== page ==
Twitter isn’t a social network, announces Kevin Thau (@kevinthau), Twitter’s Vice President for business and corporate development, at a Nokia World 2010 presentation yesterday.
It’s a nice soundbite, but I think it’s fair to say that for a lot of Twitter’s 145+ million users, it’s far more about the social aspect than anything else. Twitter is a fantastic resource for breaking and sharing news and information, and is now the tenth most-visited website on the internet, but, certainly from my experience on the network, as many people use the platform for chat and social interaction as they do the submission and sharing of data.
Although I guess it depends on what you label as ‘information’, but for the sake of argument let’s define it as updates that include an external link. I think it can sometimes appear differently as there’s a core, very loud and very influential group of power-users, tech blogs, news feeds and celebrities who link to external content in every submission and gobble up a lot of attention and retweets. These users can make Twitter appear to be all about sharing information, but it’s an illusion.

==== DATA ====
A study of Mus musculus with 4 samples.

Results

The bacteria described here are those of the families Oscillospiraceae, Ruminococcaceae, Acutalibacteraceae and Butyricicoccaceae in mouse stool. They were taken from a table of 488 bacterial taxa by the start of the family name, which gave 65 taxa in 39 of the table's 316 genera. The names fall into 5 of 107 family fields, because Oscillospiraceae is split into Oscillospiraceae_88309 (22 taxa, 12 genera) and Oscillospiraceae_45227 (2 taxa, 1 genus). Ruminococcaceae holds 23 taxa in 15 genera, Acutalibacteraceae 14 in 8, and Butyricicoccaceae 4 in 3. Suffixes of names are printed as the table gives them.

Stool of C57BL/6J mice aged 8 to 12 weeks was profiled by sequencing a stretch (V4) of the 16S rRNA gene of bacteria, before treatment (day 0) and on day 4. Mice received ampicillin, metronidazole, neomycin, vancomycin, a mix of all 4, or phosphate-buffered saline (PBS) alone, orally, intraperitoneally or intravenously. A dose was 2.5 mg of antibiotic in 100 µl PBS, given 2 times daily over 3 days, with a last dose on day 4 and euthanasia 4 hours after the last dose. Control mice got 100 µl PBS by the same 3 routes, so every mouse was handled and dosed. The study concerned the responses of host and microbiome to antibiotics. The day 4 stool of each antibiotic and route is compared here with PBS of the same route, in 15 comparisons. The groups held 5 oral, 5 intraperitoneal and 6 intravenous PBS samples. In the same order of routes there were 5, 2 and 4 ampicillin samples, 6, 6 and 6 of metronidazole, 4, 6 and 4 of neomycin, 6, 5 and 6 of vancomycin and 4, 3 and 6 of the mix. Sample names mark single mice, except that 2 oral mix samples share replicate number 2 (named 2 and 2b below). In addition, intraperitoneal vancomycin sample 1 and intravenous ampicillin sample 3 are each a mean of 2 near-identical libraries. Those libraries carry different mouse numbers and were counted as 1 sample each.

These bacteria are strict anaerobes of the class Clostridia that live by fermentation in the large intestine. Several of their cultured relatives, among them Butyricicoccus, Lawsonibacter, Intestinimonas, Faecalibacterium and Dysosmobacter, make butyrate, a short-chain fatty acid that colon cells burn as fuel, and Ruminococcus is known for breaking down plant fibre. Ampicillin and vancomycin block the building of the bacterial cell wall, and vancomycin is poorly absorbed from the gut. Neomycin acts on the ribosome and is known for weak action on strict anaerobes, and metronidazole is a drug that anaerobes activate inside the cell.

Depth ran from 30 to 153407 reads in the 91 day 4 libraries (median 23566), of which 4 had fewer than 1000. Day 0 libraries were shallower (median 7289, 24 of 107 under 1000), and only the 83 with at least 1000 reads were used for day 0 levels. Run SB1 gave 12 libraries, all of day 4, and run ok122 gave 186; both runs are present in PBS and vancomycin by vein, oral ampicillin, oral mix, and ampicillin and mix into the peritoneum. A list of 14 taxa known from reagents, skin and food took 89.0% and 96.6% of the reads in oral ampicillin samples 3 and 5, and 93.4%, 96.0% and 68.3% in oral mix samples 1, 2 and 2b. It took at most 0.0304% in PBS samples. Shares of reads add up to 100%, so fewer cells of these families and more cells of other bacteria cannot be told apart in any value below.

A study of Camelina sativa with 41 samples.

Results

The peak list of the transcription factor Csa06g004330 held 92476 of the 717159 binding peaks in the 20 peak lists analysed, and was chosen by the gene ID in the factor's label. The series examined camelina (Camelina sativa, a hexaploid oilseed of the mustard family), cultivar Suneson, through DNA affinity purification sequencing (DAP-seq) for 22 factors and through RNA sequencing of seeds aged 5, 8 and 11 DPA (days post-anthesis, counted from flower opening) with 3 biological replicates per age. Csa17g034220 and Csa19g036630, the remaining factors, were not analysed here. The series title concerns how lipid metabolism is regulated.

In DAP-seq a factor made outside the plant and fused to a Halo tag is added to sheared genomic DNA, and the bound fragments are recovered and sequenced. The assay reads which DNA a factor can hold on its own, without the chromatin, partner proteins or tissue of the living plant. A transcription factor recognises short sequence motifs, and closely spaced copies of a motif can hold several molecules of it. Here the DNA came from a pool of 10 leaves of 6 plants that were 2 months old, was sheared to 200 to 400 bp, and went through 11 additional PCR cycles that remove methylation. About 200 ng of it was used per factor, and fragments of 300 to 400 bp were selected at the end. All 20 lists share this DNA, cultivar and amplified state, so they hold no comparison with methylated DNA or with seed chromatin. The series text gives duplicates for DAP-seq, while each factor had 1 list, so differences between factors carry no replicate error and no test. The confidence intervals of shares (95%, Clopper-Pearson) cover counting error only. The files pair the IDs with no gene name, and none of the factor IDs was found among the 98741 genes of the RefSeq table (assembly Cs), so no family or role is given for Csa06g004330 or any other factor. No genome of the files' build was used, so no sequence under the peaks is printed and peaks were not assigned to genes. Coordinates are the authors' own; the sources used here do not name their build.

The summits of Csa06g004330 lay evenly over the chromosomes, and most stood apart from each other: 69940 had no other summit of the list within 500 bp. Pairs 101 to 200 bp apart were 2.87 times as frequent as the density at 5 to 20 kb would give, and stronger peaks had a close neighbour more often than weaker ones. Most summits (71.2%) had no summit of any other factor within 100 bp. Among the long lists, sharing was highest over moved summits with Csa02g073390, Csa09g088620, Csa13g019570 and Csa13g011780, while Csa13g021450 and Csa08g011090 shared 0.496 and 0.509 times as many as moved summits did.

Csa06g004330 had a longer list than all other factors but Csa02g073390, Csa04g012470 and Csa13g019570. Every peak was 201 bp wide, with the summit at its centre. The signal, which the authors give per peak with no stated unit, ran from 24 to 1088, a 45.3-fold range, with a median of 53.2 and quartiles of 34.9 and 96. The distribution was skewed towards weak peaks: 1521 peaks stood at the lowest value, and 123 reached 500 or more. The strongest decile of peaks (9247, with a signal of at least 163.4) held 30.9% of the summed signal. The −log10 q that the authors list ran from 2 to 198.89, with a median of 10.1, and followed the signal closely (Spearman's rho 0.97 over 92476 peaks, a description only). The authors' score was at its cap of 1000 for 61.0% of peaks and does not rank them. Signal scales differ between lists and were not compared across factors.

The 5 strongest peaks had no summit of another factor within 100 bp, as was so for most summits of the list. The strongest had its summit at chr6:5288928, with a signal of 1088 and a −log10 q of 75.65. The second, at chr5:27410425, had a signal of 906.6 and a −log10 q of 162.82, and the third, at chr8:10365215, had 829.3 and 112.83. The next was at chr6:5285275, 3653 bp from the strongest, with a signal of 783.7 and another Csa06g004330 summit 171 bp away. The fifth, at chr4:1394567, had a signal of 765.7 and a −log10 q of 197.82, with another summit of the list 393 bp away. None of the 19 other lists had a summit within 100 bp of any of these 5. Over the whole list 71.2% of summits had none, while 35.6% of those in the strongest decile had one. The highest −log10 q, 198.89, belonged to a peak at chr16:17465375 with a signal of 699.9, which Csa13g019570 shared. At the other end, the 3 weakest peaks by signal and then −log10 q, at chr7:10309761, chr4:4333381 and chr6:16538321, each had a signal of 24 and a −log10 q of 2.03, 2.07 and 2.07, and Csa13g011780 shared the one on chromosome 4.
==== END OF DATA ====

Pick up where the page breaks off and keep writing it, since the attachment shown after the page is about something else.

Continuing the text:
Of course, it very much depends on who and how many you are following, but for a lot of folks Twitter is just a fun place to hang and connect with their friends, many of whom they’ve met on the network. These individuals share and click on links too, but it’s not their primary concern.
Besides, why does Twitter have to be just one thing, or even a few? Can’t it be something different to everyone?
(Image source, and more about this story, over at RWW.)